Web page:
The Peering Coordinators Day is an open session for peering coordinators, network operators, and policy makers to discuss practical ways to make content exchange and interconnection in Africa possible. Peering Day was started two years ago as a forum for Internet engineers, peering coordinators, Internet exchange point (IXP) operators, and content providers to understand the economics and engineering opportunities and challenges associated with peering and interconnection.

Bill Norton leading delegates through his peering simulation game at the African Peering and Interconnection Forum (AfPIF) in Casablanca on 3 September 2013.

To anchor the discussions, Dr. Bill Norton (photo) introduced “The Peering Game” a session that is a common fixture in all AfPIF meetings since 2010. The game has four players, each representing an IXP, there is money involved and the decisions on where to peer determine whether the IXP makes money or not. 

The game represents the real life situations that IXPs and networks are faced with, in determining whether to peer at a certain IXP or not. During this session, the language barrier challenge emerged; the players were from English, French, and Portuguese speaking countries. To some participants, language is a barrier they face on occasion, when negotiating or initiating peering agreements.

The game also underscored the need to understand Internet business models that will allow the IXP to attract more peers and eventually be the preferred peering destination for all networks.

In the end, the game helped participants understand the peering and transit economics and what it means for each party. You can follow the game and the rules as explained in the Internet Peering Playbook.

On the engineering point, in the next session Andy Davidson from Allegro Networks focused on BGP traffic engineering for peering networks, exploring the importance of peering with clean and efficient networks in order to attract more peers. 

Anibe Onuche presented on the benefits of AS Path Transparency using BIRD, focusing on the experience at the Nigeria IXP, where they have been able to reduce packet losses and manage peers in an efficient way using BIRD.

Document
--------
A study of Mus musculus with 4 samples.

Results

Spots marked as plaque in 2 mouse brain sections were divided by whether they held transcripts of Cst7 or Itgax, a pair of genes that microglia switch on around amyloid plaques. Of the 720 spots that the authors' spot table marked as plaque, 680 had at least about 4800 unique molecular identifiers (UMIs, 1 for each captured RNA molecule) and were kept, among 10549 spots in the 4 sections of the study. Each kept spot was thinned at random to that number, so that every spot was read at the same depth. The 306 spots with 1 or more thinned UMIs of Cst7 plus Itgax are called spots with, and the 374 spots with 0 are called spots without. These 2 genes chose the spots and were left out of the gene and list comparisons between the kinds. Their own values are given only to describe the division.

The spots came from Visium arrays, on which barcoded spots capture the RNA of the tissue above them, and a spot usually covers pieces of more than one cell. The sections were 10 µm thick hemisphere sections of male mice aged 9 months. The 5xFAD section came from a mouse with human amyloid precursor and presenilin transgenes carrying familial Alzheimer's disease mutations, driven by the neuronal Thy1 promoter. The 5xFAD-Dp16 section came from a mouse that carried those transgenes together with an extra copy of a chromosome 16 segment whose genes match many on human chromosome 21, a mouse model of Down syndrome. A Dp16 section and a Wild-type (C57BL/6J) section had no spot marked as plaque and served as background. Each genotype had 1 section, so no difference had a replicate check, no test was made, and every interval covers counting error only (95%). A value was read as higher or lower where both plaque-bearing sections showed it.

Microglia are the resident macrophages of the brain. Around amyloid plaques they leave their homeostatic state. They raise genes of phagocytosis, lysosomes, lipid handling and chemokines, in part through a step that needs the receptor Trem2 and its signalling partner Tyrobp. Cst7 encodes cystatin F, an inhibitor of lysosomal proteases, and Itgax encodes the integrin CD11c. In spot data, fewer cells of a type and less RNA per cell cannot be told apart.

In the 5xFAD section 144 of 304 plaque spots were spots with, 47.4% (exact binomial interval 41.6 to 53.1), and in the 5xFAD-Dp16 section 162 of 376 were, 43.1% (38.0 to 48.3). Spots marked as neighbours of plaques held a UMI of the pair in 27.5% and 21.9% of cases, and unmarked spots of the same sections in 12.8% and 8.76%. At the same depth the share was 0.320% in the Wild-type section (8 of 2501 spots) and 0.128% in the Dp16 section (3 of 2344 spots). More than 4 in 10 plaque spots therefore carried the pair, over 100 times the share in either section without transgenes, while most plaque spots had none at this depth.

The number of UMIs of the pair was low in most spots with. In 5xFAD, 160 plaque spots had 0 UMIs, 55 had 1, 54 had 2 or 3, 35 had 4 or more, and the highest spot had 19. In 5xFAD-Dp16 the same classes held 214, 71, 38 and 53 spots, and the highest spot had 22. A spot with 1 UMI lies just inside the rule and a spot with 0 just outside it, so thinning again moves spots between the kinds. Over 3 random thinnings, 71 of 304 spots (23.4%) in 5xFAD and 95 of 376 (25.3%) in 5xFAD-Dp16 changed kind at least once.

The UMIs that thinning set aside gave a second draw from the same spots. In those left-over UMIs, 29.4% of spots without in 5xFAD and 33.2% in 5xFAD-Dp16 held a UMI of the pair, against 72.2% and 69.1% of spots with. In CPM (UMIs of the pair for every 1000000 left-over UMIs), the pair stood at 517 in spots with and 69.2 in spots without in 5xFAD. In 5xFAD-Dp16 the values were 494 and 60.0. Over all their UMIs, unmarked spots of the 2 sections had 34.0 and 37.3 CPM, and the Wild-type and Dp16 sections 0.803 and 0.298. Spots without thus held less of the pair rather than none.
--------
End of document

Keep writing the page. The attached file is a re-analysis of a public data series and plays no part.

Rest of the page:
The presentations provide more details and can be found on the AfPIF conference site.

The last session of the day addressed the thorny issue of why some IXPs succeed while others fail. Nishal Goburdhan, a leading expert on IXPs in Africa shared his 16-year experience setting up and running IXPs in South Africa.

JINX is the largest IXP in Africa with over 80 networks peering, what are some of the reasons for success?

  1. Having a bottom up policy approach where members decide what works for them and what does not.
  2. Keeping costs lean- operating as a non-profit, and on cost recovery basis.
  3. Don't enforce peering- don't make it mandatory for people to peer with other people

What are some of the bad practices over the years?

  • Originally, to peer, you had to be a member of the South Africa ISP Association, meaning there was no incentive for non South African operators to become ISPA members. This requirement was scrapped in 2008.
  • Assumed technical competencies- 16 years ago, South Africa’s largest operators were the first to peer, they had teams with technical capacity on BGP and routing, today we have over 80 peers at JINX and not all have the capacity. There is need for more training through workshops.
  • There is complacency in building expertise within the local community, yet there are expectations that the IXP will work; community sense has been lost and there is need for continued training sessions for the tech community as well as dedicated staff to run the IXP.

Read more about Nishal’s experiences.

Emerging Topic of the day;

Remote Peering emerged as the newest and most interesting topic of the day. This is a new strategy that used by IXPs, carriers and network operators to extend the reach into an IXP while at the same time reducing infrastructure building related costs. A number of IXPs including JINX have remote peering solutions. SEACOM made an announcement of their new product aimed at promoting remote peering to various IXPs in Africa and Europe;

 

 

Disclaimer: Viewpoints expressed in this post are those of the author and may or may not reflect official Internet Society positions.